Some stories from the past, and my ongoing series, "Aunt Clara's Wheelchair"
Wednesday, June 1, 2011
At age 18 I began hitchhiking all around this country and I kept it up untill I was 24, when I landed in Nashville. Granted, it wasn't always fun, but for the most part, the adventure and constant change outweighed the underlying sense of fear. It was worth the risk, I guess.
Anyway, as I said before, a few years later I drifted into Guitar Town with the notion of settling down and writing songs for awhile. I worked real jobs during the day such as washing dishes and bussing tables. I was also a construction laborer for a couple of years. At night I played my songs in the cafes and bars of the city I'd developed a great love for. I had never lived in any one place longer than I had been in Nashville.
I should've quit while I was ahead, but for some dumb reason, when I turned 30, I got the itch to travel again and began making plans to thumb my way to the oldest city in the country, St. Augustine. I had been there, but only in passing through. This time I thought I'd see it for real.
In the old days of my rambling I would'nt have even considered carrying a backpack, but this time I decided to travel in style and went out and bought a nice one. I boldly and happily told my friends about my new plans. They were not impressed. "Duffy", they said, "it's dangerous out there. Why don't you just stay here and write songs about hitchhiking instead of actually doing it?"
Well, a hundred miles or so and a day later, I knew in my heart that they were right. This time, right off the bat, the fear outweighed the adventure, but I couldn't turn back now, could I?
Several short rides later I decided to get off the interstate and take the backroads. The "rural route" as the great Hank Williams would say. Pretty soon I was standing beside a scenic blue highway, like a drowning rat, cursing the pouring rain and every single vehicle that passed my by.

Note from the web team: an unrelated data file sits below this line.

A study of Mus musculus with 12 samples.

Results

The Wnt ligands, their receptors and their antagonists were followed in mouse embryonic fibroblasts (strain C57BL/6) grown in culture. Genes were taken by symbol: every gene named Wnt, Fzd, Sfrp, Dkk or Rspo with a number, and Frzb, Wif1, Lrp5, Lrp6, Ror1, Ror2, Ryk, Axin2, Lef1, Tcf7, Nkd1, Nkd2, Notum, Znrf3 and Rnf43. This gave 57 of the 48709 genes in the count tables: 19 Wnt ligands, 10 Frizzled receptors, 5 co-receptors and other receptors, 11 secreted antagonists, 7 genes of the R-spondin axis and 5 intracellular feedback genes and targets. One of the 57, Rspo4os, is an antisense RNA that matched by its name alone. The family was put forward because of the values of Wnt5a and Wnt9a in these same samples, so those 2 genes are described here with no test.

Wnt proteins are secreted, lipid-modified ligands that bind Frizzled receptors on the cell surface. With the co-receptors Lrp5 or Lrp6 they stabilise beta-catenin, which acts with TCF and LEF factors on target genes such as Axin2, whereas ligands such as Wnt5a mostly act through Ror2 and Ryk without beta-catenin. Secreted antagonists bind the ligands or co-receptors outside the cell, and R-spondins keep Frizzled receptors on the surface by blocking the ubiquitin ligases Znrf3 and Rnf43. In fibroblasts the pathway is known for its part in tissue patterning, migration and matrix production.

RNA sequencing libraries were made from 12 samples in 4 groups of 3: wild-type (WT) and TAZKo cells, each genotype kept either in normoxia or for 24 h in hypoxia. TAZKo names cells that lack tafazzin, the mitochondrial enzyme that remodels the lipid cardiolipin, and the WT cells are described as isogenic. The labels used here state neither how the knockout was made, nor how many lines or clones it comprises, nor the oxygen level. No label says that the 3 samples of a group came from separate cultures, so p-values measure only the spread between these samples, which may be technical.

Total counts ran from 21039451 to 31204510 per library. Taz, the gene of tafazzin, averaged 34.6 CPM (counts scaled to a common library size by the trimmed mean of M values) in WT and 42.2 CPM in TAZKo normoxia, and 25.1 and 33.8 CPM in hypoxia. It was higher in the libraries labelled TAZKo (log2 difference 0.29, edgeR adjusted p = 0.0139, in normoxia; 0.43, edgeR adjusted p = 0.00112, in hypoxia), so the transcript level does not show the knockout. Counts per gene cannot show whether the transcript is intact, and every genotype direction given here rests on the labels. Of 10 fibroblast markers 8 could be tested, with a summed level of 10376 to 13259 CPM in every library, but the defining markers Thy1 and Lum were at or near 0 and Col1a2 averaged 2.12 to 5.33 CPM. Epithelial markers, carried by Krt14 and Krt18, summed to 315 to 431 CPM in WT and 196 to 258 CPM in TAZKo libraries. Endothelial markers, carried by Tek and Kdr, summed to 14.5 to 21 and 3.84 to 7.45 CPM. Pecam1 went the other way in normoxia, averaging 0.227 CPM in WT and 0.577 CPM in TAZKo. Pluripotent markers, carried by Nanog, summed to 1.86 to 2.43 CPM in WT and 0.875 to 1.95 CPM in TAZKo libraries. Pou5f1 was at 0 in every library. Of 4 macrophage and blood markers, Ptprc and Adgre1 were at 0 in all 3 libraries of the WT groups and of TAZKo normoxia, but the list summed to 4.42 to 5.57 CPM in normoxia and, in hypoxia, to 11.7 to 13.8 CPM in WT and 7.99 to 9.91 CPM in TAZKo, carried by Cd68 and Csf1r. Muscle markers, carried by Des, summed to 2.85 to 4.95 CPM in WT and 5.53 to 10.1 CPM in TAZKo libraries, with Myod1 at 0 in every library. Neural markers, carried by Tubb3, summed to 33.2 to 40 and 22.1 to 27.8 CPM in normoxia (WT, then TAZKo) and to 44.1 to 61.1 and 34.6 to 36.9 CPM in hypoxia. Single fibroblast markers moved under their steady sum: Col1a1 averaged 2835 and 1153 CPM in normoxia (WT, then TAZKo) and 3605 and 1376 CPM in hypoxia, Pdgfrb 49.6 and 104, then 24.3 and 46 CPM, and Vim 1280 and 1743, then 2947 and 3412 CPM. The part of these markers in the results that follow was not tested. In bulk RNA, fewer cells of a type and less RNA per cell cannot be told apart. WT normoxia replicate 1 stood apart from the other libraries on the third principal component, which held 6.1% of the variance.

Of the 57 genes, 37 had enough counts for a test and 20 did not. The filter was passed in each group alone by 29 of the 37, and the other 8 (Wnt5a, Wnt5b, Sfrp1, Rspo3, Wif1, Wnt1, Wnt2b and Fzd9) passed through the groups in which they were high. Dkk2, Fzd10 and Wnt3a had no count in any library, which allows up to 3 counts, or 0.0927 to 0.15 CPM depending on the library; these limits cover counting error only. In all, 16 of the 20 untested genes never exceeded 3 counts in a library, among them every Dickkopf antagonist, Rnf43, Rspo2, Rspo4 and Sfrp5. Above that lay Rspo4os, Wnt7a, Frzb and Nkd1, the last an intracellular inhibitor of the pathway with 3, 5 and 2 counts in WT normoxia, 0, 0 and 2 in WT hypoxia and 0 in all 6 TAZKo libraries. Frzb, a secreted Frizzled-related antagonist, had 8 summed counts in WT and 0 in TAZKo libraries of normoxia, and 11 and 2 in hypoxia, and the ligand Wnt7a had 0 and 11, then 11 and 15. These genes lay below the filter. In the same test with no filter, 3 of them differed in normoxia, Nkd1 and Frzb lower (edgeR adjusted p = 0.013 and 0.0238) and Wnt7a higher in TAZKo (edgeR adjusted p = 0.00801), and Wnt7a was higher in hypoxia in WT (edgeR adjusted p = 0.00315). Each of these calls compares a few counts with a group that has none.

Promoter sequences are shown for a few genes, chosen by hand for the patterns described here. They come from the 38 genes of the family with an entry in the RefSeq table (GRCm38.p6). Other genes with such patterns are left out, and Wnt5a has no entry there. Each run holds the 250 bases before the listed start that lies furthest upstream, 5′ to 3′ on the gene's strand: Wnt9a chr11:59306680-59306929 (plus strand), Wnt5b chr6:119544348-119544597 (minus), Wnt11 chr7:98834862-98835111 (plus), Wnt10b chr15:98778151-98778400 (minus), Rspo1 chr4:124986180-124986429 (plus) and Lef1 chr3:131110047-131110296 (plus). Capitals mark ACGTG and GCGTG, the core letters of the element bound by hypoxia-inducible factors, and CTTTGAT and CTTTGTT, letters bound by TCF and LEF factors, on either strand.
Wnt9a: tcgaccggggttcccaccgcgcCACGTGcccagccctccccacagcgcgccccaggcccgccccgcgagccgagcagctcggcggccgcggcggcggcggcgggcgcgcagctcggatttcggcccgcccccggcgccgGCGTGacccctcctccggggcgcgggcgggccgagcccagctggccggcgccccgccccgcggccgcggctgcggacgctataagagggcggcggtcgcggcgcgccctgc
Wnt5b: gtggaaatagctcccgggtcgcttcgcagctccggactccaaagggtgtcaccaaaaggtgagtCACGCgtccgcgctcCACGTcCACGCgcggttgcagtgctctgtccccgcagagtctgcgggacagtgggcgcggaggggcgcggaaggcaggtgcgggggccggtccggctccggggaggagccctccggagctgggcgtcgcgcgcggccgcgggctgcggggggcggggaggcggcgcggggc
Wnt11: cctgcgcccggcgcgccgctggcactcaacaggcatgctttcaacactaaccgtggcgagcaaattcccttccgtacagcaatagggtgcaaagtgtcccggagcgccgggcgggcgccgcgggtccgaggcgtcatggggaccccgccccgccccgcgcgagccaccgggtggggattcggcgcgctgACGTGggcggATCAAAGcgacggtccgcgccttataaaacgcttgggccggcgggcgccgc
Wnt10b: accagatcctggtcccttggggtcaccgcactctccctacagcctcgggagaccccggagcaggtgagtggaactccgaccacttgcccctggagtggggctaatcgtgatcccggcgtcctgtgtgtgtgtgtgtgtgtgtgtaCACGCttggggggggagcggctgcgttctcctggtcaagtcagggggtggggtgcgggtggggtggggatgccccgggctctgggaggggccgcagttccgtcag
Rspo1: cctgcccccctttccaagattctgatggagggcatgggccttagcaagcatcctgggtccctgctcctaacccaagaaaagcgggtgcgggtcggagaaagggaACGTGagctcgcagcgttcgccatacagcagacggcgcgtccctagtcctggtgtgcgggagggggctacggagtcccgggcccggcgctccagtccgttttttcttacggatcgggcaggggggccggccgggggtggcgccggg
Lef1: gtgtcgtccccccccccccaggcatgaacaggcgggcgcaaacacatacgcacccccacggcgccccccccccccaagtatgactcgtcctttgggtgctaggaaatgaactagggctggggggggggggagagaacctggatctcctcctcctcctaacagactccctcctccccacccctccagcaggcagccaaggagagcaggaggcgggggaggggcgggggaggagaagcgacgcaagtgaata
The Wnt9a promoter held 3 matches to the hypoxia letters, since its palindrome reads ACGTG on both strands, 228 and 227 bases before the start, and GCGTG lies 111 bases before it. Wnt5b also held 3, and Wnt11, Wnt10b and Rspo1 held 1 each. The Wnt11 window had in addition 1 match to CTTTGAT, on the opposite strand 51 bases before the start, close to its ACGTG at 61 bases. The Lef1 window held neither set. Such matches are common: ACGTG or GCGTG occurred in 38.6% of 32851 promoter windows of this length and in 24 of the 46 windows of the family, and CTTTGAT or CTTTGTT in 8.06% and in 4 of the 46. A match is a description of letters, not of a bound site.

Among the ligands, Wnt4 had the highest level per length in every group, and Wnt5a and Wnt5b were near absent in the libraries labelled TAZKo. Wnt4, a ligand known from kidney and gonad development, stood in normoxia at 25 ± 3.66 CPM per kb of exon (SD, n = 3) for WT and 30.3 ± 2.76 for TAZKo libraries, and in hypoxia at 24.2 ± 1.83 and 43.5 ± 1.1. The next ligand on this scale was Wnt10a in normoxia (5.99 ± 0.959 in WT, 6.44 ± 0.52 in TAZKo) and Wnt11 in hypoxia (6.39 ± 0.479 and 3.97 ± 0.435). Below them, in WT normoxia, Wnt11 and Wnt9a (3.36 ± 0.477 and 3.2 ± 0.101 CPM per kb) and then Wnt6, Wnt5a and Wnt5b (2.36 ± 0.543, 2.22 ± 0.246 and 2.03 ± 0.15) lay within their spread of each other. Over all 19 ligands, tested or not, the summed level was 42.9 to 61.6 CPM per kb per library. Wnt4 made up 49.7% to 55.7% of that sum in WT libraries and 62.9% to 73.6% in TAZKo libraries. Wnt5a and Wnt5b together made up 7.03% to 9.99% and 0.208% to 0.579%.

It was probably around midnight when I finally got a ride. A nice man and his wife pulled over in an old pick-up truck and I put my backpack and my guitar in the back and crawled up in there myself and settled in for a nice, if wet, nap. Not to be, Twenty miles and thirty minutes later the nice man pulled over to the side of the road and said, "Well, son, we're goin' west here...so...uh...good luck. Here, let me help ya with that." He lifted the backpack out the truck and set it down beside me. He wished me good luck again, got back in the driver's seat and they took off, leaving me standing there wondering what the hell I was doing. Why was I not back in Nashville in my favorite bar, singing one of my original songs? No, not me. Instead, I was stumbling around in the dark, making my way to a railroad bridge in the distance, sitting under it, eating a can of sardines and mumbling, like a crazy person, "I'm So Lonesome I Could Cry".
Next morning I walked the short way back to the main road and stuck my thumb out. I was feeling a little better because the rain had stopped and the glorious sun was shining down again on me. Seven hours later I was burning up and cursing that glorious sun and, again, every car, or truck, that passed me by. Sometimes they waved. Those were the ones I used the foulest language on.
I was never so glad to see a cop in my life. I was kind of hoping that he would haul me off to jail, but no such luck. He gave me a lift to the county line where he got on his radio and, before I knew it, another cop took me to the next county line and so on and so on. The police took me, in turn, all the way across the state of North Carolina! It's true, but they didn't do it just because they were being nice. A hitchhiker had been killed in a hit and run a few nights before and they were bound and determined not to let that happen again.
Anyway, I finally made it to St. Augustine. I stayed in a small campground, in my tent, not far from town. I played music in a couple of different bars, hung out on the beach and had a pretty good time for about a month. Then, one morning, I walked a long ways to the Greyhound Bus station and bought myself a one-way ticket and hightailed it back to Nashville. Back to work. Back to play. Back to my friends. They were glad to see me and I was glad, and grateful, to see them.
I could still be wild and free. I just didn't need to be worn out and cold and lonesome to do it. I could be a Gypsy and a rover in my mind and not go around worrying everybody. I'm still a Gypsy and a hobo. A rambler and a gambler...and a writer.